And Curt Flood, Too

Great column by Bill Rhoden of The New York Times on what could be perceived as the interlocking Hall of Fame candidacies of George Steinbrenner and Curt Flood.

One pioneered Free Agency, the other turned it into the upwards spiral that created the sport we know today. Bill suggests that folks like me should press for Flood’s election, or special election if need be, and he’s perfectly correct. As I noted to him, I’ve been pushing for Curt since about 1990. If I may quote myself from Pocket Books’ The Big Show which I co-authored with Dan Patrick in 1997:
A few months before his thirty-second birthday, with twelve wonderful seasons behind him as the brilliant center fielder of the St. Louis Cardinals, Curt Flood was traded to the doormats of the National League, the Phillies. And he said no. He said you don’t have the right to ship my butt anywhere you please – not after I’ve given you a dozen years of my life. And he stood up against the establishment – and whatever you think the players have done to the game in the last twenty-five years, what the owners had done to the players for the 100 years previous was a million times worse. And Curt Flood refused to go, and he sued, and it cost him his career. This wasn’t some fringe guy; through 1969 he had 1,854 hits — all he needed was seven more average seasons to get to 3,000 — he’d batted .293 (only six guys outdid him and five of them are in the Hall), he’d slugged .390 (that was ninth best in the era), he’d had six .300 seasons, two seasons with 200 or more hits, he’d won seven straight Gold Gloves, and he’d been on three pennant winners and two World Champs. And he gave it all up. The man got exactly thirty-five more at-bats in his life. No million-dollar contract, no free agency, not even a job as a first base coach somewhere. He even lost the lawsuit – but he paved the way for the freedoms and salaries and rewards that those who followed enjoy to this day. He was thirty-two – and he gave it all up for a principle. The least he deserves in a plaque in Cooperstown.

In point of fact, as I once suggested on ESPN while Curt Flood was still alive, every player should have given him 1% of their salary.

4 Comments

Keith, I don’t know if you have ever seen this video I’m going to link. It’s an amazing interview of Bob Feller from 1957 done by Mike Wallace. Feller had retired and was an advocate for an end to the lifetime reserve clause in baseball. Amazing stuff and a dozen years before C Flood. The video is archived on a University of Texas website.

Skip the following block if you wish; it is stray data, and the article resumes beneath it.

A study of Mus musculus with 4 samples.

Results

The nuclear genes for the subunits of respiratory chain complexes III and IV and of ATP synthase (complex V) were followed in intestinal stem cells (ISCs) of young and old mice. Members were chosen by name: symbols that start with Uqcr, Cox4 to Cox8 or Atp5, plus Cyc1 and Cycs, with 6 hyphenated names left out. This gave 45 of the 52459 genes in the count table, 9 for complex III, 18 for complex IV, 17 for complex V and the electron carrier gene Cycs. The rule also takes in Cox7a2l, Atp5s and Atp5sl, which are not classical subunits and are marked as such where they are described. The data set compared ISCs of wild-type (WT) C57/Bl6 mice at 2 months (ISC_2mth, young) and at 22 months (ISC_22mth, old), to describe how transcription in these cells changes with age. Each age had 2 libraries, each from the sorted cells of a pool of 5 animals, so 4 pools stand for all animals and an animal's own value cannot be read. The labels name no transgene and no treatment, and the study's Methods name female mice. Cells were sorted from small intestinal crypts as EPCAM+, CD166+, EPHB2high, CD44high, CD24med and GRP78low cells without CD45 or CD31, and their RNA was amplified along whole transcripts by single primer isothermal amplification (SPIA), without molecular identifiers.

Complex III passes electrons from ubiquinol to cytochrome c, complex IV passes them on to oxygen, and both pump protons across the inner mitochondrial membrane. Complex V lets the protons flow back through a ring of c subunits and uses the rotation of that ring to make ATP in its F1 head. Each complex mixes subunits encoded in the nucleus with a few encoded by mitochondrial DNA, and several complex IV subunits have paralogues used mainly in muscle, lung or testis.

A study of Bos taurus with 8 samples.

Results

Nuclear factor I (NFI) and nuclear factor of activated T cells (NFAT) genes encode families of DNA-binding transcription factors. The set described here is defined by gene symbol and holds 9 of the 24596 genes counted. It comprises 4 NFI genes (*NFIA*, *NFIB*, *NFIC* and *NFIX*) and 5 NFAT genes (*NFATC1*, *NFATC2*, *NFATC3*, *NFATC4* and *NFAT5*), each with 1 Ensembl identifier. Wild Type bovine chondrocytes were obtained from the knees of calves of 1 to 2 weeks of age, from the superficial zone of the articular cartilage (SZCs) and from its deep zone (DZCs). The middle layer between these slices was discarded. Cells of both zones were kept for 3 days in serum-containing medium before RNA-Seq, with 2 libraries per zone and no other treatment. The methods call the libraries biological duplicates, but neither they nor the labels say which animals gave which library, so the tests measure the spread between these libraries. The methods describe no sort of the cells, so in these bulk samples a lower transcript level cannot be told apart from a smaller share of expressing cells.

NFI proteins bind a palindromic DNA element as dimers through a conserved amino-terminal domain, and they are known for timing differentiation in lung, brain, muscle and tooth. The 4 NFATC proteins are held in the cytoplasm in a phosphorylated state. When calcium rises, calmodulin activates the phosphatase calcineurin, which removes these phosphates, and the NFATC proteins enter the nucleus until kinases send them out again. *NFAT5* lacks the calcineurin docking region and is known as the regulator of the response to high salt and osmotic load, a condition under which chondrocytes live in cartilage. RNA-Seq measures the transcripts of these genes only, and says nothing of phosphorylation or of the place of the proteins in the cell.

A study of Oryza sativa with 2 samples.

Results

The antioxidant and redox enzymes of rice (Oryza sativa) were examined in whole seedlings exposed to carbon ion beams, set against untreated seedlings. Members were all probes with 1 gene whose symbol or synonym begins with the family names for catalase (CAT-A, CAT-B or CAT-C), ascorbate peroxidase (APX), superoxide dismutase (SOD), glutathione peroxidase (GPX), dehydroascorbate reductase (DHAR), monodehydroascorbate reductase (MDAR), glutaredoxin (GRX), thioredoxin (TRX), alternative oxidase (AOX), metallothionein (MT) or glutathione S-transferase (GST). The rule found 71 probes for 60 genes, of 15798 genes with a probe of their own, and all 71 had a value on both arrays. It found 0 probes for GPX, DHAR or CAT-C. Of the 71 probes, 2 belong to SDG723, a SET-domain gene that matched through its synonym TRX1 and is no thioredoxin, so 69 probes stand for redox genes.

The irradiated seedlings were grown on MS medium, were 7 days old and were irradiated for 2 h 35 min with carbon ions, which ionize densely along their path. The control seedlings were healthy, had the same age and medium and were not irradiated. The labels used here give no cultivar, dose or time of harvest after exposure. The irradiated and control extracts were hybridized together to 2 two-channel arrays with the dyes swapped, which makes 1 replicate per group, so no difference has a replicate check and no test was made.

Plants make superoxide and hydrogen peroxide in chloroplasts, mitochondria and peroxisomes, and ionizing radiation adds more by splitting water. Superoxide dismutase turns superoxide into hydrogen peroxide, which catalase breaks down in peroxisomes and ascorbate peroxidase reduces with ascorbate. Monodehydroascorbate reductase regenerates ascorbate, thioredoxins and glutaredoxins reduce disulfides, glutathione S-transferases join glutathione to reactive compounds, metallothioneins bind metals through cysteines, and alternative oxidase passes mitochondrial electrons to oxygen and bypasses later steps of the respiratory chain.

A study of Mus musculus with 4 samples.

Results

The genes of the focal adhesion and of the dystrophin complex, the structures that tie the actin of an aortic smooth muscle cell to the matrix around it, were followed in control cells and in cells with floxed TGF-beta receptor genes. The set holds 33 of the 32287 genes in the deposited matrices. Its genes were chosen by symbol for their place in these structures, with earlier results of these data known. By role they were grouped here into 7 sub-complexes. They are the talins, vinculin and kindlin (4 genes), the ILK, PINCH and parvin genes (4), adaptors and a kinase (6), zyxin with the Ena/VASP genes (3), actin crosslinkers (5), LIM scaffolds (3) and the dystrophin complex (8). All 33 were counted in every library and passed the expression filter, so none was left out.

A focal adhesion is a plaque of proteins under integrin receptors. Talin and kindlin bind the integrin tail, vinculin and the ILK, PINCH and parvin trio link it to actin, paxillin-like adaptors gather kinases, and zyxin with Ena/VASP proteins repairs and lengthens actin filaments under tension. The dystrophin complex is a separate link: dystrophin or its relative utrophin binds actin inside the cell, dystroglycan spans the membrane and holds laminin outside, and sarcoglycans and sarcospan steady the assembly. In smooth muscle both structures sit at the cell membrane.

http://www.hrc.utexas.edu/multimedia/video/2008/wallace/feller_bob_t.html

Enjoy the video and I love your show. Great Special comment last night.

http://wrigleyregular.mlblogs.com/

Thanks russelw for the link to a fascinating video document. I now see Feller in an altogether different light after viewing this interview. He was absolutely years ahead of his time. No doubt the lack of public support among major leaguers of the time had, perhaps, a little something to do with the very reserve clause against which he was campaigning. Mike Wallace was a shameless shill for Philip Morris in his commercials, no doubt controlled by this sponsor the same way major league broadcasters were tightly controlled by their sponsors, a topic briefly explored by Wallace and Feller in the interview. Of course, this video makes a powerful argument for Curt Flood’s presence in the Hall of Fame, considering that he risked and lost his career, unlike Feller who had recently retired.

Curt Flood, Lou Brock, Bob Gibson, the baseball gods of my childhood. My father took me to my first baseball game at Busch Stadium in 1965 to see Bob Gibson pitch. The game has certainly changed a lot, both for the better and for the worse. The 1960s were the golden age of baseball for me.

It took a lot of guts for Curt Flood to do what he did. He forever changed baseball. For that alone he should be in the Hall of Fame. Statistics be damned.

I met Mr. Flood in August of 1988, on a hot summer day in a crowded mall in St. Louis. I was with my family, my step father being newly retired from the SLPD. We were in the food court trying to save a small table of two for a family of seven while each tried to decide where to each and in what shifts.
My step father, spying each venue, tapped my shoulder, leaned forward and pointed towards an average looking man in a line of people waiting to be served.
“Do you know who that is?”
“No. Who?”
“It’s Curt Flood.”
“Who’s that?”
In a few sentences he explained the impact this man had on baseball.
Seeing no vacant tables, I asked, “Do you think he’d like to sit with us?”
“Why don’t you ask?”
My brother and step brother made their way through the crowd. Mr. Flood had been served and looking for a table for a minute or two.
“Mr. Flood, would you like to sit with us?”
Rather surprised by the question, he agreed. We showed him to our table and a seat. Unrecognized in this crowded mall by anyone but the seven of us, he seemed happy to have a seat and talk about baseball with Cardinal fans (which he was happier to have remains a mystery). He told us of baseball in his day, the differences between the eras, and some of the famous players he played with.
Feeling we were close to encroaching upon his personal space and noting that he was nearing the end of his snack, we asked if he would mind an autograph and a photo. He signed and dated the handout from the mall and put his arms around us for a few pictures. We thanked him for his time and he thanked us for being Cardinal fans and he headed for the trash with his tray.
When I heard he had passed in 1997, I felt that baseball had lost a legend, and the world had lost a gentleman.